CANNES, France (AP) — The Latest on the Cannes Film Festival (all times local):
Sofia Coppola has won the Cannes Film Festival best director prize for "The Beguiled," her remake of Don Siegel's 1971 Civil War drama.
The French AIDS drama "120 Beats Per Minute" won the Grand Prize from the jury. The Grand Prize recognizes a strong film that missed out on the top prize, the Palme d'Or.
The jury also presented a special prize to celebrate the festival's 70th anniversary, to actress Nicole Kidman.
Kidman wasn't at the French Rivera ceremony, but sent a video message from Nashville, saying she was "absolutely devastated" to miss the show.
Jury member Will Smith made the best of the situation, pretending to be Kidman.
He fake-cried and said in halting French, "merci beaucoup madames et monsieurs."
Diane Kruger has been named best actress and Joaquin Phoenix best actor at the 70th annual Cannes Film Festival.
Kruger was honored for her performance in Fatih Akin's "In the Fade."
She told the star-studded audience she was "overcome." Kruger said. "Thank you a thousand times."
Phoenix was recognized for his role in Lynne Ramsay's thriller "You Were Never Really Here."
He played a tormented war veteran trying to save a teenage girl from a sex trafficking ring.
Phoenix wore sneakers on stage as he collected the prize. He said his leather shoes had been flown ahead of him.
He apologized for his appearance, saying the prize was "totally unexpected."
The Cannes Film Festival jury has awarded two — not one — screenplay awards this year — for "The Killing of a Sacred Deer" and "You Were Never Really Here."
Jury president Pedro Almodovar said as he announced the selection on Sunday night, "We have our first surprise."
The jury prize went to Russian director Andrey Zvyagintsev's "Loveless."
The Palme d'Or award for short films has gone to the 15-minute-long Chinese movie "A Gentle Night" by Qiu Yang.
The Cannes Film Festival awards show is underway, with Italian actress Monica Bellucci as host.
In her opening speech, the Italian actress defended the role of violence in movies, saying they only reflect the violence of the real world.
Bellucci said, "Cinema takes its inspiration from reality."
"Nothing is more violent than reality," she added. "Cinema only plays its role as a mirror."
The festival has handed out its first award: the Golden Camera prize to Leonor Serraille for her French movie "Young Woman."
The Camera d'Or is awarded to the best first film, with 26 films vying for it this year.
Bellucci also spoke out about the representation of women in the world of cinema. Three female filmmakers have movies among the 19 in competition this year for Cannes' highest honor, the Palme d'Or.
Among those spotted on the Cannes red carpet ahead of the award ceremony was filmmaker Robin Campillo. His AIDS drama "120 Beats Per Minute" earned some of the best reviews of the festival.
Campillo told French broadcaster Canal Plus he had returned to Paris after the screening of his film, but returned after getting a call asking him back for Sunday's award ceremony.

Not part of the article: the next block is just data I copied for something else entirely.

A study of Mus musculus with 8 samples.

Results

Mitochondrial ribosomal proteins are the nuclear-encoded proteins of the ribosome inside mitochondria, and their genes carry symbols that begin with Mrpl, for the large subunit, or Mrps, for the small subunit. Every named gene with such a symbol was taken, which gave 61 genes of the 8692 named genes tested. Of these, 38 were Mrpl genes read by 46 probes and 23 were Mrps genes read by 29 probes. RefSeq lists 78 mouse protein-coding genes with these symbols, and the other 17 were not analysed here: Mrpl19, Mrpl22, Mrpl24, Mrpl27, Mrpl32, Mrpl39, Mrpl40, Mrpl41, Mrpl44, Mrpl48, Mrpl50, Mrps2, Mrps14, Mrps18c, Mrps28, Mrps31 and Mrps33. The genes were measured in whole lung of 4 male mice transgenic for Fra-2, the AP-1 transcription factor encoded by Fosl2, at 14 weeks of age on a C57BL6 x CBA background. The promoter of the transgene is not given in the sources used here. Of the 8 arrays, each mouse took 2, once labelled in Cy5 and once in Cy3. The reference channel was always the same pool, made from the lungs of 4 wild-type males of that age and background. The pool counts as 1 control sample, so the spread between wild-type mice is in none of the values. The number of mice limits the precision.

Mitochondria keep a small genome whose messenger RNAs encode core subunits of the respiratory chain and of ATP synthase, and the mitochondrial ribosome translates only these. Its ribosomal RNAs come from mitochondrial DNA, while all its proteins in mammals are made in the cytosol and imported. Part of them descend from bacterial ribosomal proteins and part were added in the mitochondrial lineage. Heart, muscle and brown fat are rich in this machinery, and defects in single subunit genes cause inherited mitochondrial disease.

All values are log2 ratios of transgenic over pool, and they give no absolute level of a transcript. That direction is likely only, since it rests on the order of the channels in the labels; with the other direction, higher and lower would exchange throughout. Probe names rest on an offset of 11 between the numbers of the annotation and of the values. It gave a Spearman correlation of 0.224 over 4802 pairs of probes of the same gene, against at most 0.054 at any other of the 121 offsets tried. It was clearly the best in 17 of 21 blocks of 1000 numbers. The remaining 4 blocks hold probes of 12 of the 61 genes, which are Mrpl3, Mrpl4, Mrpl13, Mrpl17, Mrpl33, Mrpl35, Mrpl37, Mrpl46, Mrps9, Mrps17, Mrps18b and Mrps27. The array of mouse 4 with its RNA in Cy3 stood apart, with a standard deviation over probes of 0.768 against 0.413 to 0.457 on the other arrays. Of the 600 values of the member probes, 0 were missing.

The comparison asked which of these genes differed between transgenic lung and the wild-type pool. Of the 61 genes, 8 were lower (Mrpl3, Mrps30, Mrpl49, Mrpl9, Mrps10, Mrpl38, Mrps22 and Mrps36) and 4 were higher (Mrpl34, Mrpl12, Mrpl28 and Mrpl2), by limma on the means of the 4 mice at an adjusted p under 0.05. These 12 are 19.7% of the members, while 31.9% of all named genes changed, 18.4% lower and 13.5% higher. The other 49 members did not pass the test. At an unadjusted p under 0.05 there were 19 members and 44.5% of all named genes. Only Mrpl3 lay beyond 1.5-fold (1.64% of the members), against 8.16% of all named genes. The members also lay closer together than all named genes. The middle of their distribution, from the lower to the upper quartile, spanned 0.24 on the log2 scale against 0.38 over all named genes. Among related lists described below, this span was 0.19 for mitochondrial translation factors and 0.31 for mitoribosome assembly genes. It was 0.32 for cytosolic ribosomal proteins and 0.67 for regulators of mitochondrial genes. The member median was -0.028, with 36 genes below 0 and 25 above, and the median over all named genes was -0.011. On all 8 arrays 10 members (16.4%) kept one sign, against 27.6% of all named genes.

Does that suggest a possible Palme d'Or? Time will tell.
Campillo's movie centers on the activist group ACT UP in Paris in the 1990s during the AIDS crisis.
The red carpet at Cannes is humming with stars ahead of the ceremony that will award the coveted Palme d'Or prize.
Two-time Academy Award nominee Jessica Chastain, looking fabulous in a white dress with red patterning on the front, said she and other members of the jury led by Spanish filmmaker Pedro Almodovar wrestled Sunday with "a very difficult choice."
The actress told broadcaster Canal Plus, "We saw beautiful films."
Fellow jury member Will Smith was bubbly as ever, saying: "I'm ecstatic. This has been a beautiful experience."
Diane Kruger, in a sober black dress, said: "My heart is beating very, very fast."
The Cannes Film Festival Jury has done its job. But its president isn't letting slip which film it has picked for the coveted Palme d'Or award.
Spanish filmmaker Pedro Almodovar told a French BFM television reporter who managed to squeeze a few words out of him that the award deliberations Sunday were "very fast."
Almodovar said: "We did our work."
But for the names of the winners: Stay tuned.
The Cannes Film Festival is gearing up to award its prestigious Palme d'Or at a glitzy award ceremony.
No single movie has emerged as the clear favorite among the 19 in competition for the coveted prize being awarded Sunday evening.
Spanish filmmaker Pedro Almodovar presided over the competition jury. Almodovar has made clear that he doesn't want the Palme d'Or, the festival's top prize, to go to a movie that isn't shown on big screens.
That could bode ill for Bong Joon-ho's "Okja" and Noah Baumbach's "The Meyerowitz Stories," the first Netflix releases ever selected to be in competition for the Palme d'Or.
Regarded as cinema's most prestigious festival, Cannes is celebrating its 70th anniversary. Organizers have declared that next year, streaming-only films will not be accepted for the competition.